Document: Ruling in Missouri NAACP, et al., vs. State of Missouri, et al.


The Missouri NAACP and Missouri League of Women Voters filed the lawsuit to challenge the constitutional validity of absentee voting legislation approved by the Missouri Legislature on the final day of session in May and later signed by Gov. Mike Parson.

The law expands absentee voting by mail through the rest of the year, but unless an absentee voter is incapacitated or confined due to illness or has contracted coronavirus or is considered at-risk for the disease — according to a legally defined list of specific age, living or health conditions — then by-mail absentee voters still must have their ballot envelopes notarized.

Non-absentee voting by mail — an option open to anyone — also requires that a voter's ballot envelope be notarized.

The organizations' lawsuit challenged the law's notarization requirement.

Cole County Judge Jon Beetem dismissed the lawsuit in May, finding the groups had failed to state a claim on which relief could be granted.

The state Supreme Court in June reversed that decision and allowed the lawsuit to proceed. Beetem denied a motion for a preliminary injunction in July.

Beetem ruled Thursday that the plaintiffs had failed to prove their case and denied an injunction — including because a claim that the notarization requirement poses an unconstitutional health risks to voters "is unsupported by evidence, because plaintiffs' expert concedes that social distancing and other prudent precautions are consistently effective in preventing the spread of COVID-19, and plaintiffs provided no evidence of any instance of transmission of COVID-19 during a notarization."

Beetem's ruling also included that because voting by mail started Sept. 22, "invalidating the notarization requirement, and re-printing thousands of ballot envelopes, during a process that is already underway threatens to create confusion among voters and local election authorities, and it would subject Missouri voters to different legal standards during the same election, depending on when they cast their absentee or mail-in ballot."

The League of Women Voters of Missouri posted a statement on its website Thursday in response to the ruling.

"We are disappointed that the Cole County Circuit Court failed to protect voters by waiving the notary requirement for voters in 2020," said Evelyn Maddox, the organization's president.

"The League of Women Voters believes many Missouri voters may be disenfranchised because the state says they must appear in person before a notary to have a mail-in ballot counted. League members across the state hope the Missouri Supreme Court will see the error of this decision and ensure that all Missouri voters have the right to safely cast a ballot during this pandemic," Maddox said.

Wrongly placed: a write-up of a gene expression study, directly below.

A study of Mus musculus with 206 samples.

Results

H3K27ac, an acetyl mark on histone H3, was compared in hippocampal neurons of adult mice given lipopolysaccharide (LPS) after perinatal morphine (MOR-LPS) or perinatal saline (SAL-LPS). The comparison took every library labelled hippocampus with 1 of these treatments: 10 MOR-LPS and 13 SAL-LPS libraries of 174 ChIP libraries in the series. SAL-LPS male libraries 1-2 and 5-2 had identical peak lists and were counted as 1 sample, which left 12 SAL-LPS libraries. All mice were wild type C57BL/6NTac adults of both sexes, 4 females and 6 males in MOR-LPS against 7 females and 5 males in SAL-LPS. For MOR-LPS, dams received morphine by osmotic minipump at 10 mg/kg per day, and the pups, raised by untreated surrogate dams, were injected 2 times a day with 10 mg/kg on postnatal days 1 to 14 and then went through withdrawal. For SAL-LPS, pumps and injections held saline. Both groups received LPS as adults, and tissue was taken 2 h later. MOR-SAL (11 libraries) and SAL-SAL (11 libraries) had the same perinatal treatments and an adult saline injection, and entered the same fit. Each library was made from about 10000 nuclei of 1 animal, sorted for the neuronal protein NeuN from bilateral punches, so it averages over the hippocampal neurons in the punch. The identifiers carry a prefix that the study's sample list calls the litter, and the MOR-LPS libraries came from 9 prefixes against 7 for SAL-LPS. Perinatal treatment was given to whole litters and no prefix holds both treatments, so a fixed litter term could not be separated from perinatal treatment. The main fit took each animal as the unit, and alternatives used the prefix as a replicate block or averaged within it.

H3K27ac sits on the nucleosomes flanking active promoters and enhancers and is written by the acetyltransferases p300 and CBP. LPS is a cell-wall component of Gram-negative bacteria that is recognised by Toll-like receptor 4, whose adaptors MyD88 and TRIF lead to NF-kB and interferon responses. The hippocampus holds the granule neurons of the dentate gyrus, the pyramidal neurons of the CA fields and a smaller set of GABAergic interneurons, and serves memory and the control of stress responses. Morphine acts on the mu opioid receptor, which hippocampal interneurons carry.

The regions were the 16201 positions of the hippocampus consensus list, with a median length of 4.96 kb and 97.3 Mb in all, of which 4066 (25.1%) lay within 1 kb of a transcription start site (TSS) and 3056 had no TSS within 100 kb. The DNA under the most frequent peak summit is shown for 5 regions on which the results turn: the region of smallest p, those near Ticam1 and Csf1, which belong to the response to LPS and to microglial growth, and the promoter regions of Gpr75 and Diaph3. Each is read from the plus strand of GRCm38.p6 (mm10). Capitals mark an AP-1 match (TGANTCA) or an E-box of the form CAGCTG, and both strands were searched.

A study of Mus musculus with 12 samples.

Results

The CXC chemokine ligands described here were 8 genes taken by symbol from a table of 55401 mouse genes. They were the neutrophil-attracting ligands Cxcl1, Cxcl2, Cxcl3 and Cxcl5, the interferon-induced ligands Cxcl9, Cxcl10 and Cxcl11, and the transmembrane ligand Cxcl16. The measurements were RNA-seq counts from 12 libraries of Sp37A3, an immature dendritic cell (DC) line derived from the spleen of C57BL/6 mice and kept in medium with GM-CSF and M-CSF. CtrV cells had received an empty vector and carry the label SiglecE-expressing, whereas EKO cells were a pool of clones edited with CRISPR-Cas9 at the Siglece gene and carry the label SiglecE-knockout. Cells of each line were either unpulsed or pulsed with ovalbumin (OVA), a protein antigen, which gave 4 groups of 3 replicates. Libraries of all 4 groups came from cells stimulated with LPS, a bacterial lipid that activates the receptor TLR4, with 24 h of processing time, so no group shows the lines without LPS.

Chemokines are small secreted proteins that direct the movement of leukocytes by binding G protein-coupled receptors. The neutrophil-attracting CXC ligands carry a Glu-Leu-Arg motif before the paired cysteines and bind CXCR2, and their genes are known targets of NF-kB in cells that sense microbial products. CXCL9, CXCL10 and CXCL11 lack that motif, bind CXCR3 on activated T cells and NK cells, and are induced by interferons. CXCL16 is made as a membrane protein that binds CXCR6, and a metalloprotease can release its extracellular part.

The League of Women Voters and NAACP filed their appeal to the Missouri Supreme Court on Thursday.


Cole County Judge Dan Green ruled Sept. 15 to allow a lawsuit by the Washington, D.C.-based American Women advocacy organization and three Missouri plaintiffs from St. Louis and Webster Groves to move forward.

That lawsuit also seeks to eliminate the ballot notarization requirement and requirement that some voters return their ballots by U.S. mail only.

The plaintiffs in that lawsuit also seek to ensure ballots are counted even if mail delivery delays cause them to arrive to election authorities after polls close on Election Day; allow third parties to assist in collecting and submitting mail ballots; and develop and implement "consistent and fair signature matching protocols, and ensure that voters receive reasonable notice and an opportunity to cure if a signature is questioned."

American Women's lawsuit is scheduled to be heard before Judge Green at 9 a.m. Oct. 5.

Another lawsuit was filed Sept. 17 in federal court by the Organization for Black Struggle, St. Louis A. Philip Randolph Institute, Greater Kansas City A. Philip Randolph Institute, St. Louis section of the National Council of Jewish Women and Missouri Faith Voices against Secretary of State Jay Ashcroft and county election authorities.

That lawsuit in the U.S. District Court's Western District of Missouri includes seeking to prevent election authorities from not counting otherwise valid mail-in or absentee ballots postmarked by Election Day and received by noon the Friday after Election Day; prevent authorities from rejecting a ballot for certain mistakes; and give voters a chance to fix certain mistakes on their ballot envelopes.

A teleconference hearing in the case was scheduled for Thursday morning in chambers before District Judge Brian C. Wimes. There has not yet been notice of a further hearing, according to online court records.

In the meantime, more information on voting this year — including voting options, how to register, where to find a notary who will work for free, and deadlines — is available through the Secretary of State's Office website at sos.mo.gov.

Cole County voter registration, absentee ballot requests and other information is available through the Cole County Clerk's Office website at colecounty.org/217/County-Clerk.

Ashcroft has urged people to vote in person at polls or through the traditional non-mail-in absentee option so as to avoid mistakes that could prevent their vote from being counted — though he said up to a third of all ballots cast in November may not be in-person.

Ashcroft also advised to give plenty of time for voting options involving the mail — six or seven days in each direction of the process of applying for a ballot, then at least two weeks for a completed ballot to make it back to a local election authority on time to be counted.